LPCD

(redirected from Litres per Capita per Day)
AcronymDefinition
LPCDLitres per Capita per Day (India)
LPCDLinha Privativa Para Comunicação de Dados (Portuguese: Private Line for Data Communication)
LPCDLothian Primary and Community Division (National Health Service; UK)
LPCDLocal Promoters for Cultural Diversity (UK)
References in periodicals archive ?
Water supply is reported to be in the range of 35 litres per capita per day in Robertsonpet to 106 lpcd in Ranebennur.
Current water demand stands at 550 litres per capita per day, which is more than 10 times the allowance for a person in cities such as Cape Town, and more than double the international average.
Going back to the example of Cape Town, currently water is rationed at 50 litres per capita per day. At the same time, in the UAE, we use 550 litres per capita per day -- more than 10 times the allowance for a person in Cape Town, and more than double the world average.
"Basic access is considered to be achieved where up to to 20 litres per capita per day is available within one kilometre or 30 minutes round trip," he said.
AaAaAeAcAaAaAeAaAaAaAeAcAaAaAeAaAaAaAeA 77% of the habitations in rural areas have access t 40 Litres Per Capita per Day (LPCD) of water supply.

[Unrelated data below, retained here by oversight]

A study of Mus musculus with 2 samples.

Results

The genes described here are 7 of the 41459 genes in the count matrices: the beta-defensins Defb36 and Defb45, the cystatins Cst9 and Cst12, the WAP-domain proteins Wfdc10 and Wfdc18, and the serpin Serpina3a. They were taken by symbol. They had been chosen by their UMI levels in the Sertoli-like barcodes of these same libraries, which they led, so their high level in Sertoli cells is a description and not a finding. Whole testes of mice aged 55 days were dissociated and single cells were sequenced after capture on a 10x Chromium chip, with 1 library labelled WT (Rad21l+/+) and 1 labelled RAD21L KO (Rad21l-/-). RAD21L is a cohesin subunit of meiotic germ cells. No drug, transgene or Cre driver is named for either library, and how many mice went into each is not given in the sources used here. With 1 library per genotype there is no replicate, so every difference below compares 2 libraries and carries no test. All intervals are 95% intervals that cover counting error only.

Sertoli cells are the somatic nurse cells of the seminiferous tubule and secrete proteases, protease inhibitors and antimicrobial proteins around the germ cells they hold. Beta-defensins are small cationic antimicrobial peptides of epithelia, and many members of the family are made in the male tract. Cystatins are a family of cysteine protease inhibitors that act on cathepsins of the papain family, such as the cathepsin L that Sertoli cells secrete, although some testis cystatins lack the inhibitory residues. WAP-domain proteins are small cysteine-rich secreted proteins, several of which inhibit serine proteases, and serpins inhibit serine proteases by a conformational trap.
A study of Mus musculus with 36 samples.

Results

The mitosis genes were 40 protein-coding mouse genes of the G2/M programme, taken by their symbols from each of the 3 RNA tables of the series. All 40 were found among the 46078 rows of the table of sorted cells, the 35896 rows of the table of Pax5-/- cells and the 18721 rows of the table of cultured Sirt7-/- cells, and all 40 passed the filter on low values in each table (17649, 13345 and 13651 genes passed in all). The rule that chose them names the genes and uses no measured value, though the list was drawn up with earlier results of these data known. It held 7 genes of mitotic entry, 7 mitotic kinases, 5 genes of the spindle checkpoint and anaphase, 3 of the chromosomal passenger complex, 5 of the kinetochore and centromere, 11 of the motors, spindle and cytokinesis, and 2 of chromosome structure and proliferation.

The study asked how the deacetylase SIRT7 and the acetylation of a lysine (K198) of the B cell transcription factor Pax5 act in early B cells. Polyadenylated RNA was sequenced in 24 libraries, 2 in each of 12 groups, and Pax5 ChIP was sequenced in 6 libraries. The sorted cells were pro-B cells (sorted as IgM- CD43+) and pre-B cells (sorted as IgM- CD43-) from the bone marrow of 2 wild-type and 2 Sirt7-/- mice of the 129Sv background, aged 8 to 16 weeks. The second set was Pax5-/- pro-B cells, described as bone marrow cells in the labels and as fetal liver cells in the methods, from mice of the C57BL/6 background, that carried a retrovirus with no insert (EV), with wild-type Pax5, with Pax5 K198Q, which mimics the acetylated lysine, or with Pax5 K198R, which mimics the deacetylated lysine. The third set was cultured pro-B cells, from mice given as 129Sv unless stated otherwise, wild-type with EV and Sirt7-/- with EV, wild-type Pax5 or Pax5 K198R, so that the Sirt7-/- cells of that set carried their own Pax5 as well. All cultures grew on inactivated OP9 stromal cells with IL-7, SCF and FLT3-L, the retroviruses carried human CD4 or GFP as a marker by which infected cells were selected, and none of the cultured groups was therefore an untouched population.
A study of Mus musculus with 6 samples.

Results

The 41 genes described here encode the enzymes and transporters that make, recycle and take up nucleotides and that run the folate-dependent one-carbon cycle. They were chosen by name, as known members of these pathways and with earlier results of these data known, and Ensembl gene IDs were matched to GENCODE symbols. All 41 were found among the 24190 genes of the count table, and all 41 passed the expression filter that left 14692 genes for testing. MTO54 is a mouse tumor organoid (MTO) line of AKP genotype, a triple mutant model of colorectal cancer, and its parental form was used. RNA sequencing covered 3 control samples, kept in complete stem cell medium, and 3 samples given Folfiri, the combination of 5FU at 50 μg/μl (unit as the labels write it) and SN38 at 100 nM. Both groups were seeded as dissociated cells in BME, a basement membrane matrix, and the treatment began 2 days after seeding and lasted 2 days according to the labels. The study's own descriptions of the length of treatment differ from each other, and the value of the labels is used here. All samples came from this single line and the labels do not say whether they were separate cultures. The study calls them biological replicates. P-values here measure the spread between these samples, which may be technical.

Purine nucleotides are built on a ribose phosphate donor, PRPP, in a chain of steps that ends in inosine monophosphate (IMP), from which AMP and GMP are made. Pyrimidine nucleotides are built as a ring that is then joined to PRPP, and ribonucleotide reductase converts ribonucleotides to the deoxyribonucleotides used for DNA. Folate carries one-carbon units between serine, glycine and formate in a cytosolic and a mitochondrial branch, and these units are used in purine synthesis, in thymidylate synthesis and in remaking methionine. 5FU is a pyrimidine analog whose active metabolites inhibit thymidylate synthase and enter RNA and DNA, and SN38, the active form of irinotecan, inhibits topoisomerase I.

12 towns of N-E States have been included in the Atal Mission for Rejuvenation for Urban Transformation (AMRUT) for providing water taps to all urban households besides improving water supply to the normative level of 135 litres per capita per day, expanding sewerage and drainage networks, promoting non-motorised transport and development of open spaces in mission cities.
George and Mount Pleasant water supply systems to arrive at an average residential water consumption rate of 256 litres per capita per day for 2011.
The average annual rain measures about 74mm while the consumption per capita is among the highest in the world at 675 litres per capita per day, about double or triple the amount consumed in Western countries or Japan.
"Iraq's average water production level per person, at 327 litres per capita per day, is considered high by international standards, but around half of that water is lost to seepage, leakage and wastage due to system inefficiencies." the statement continued.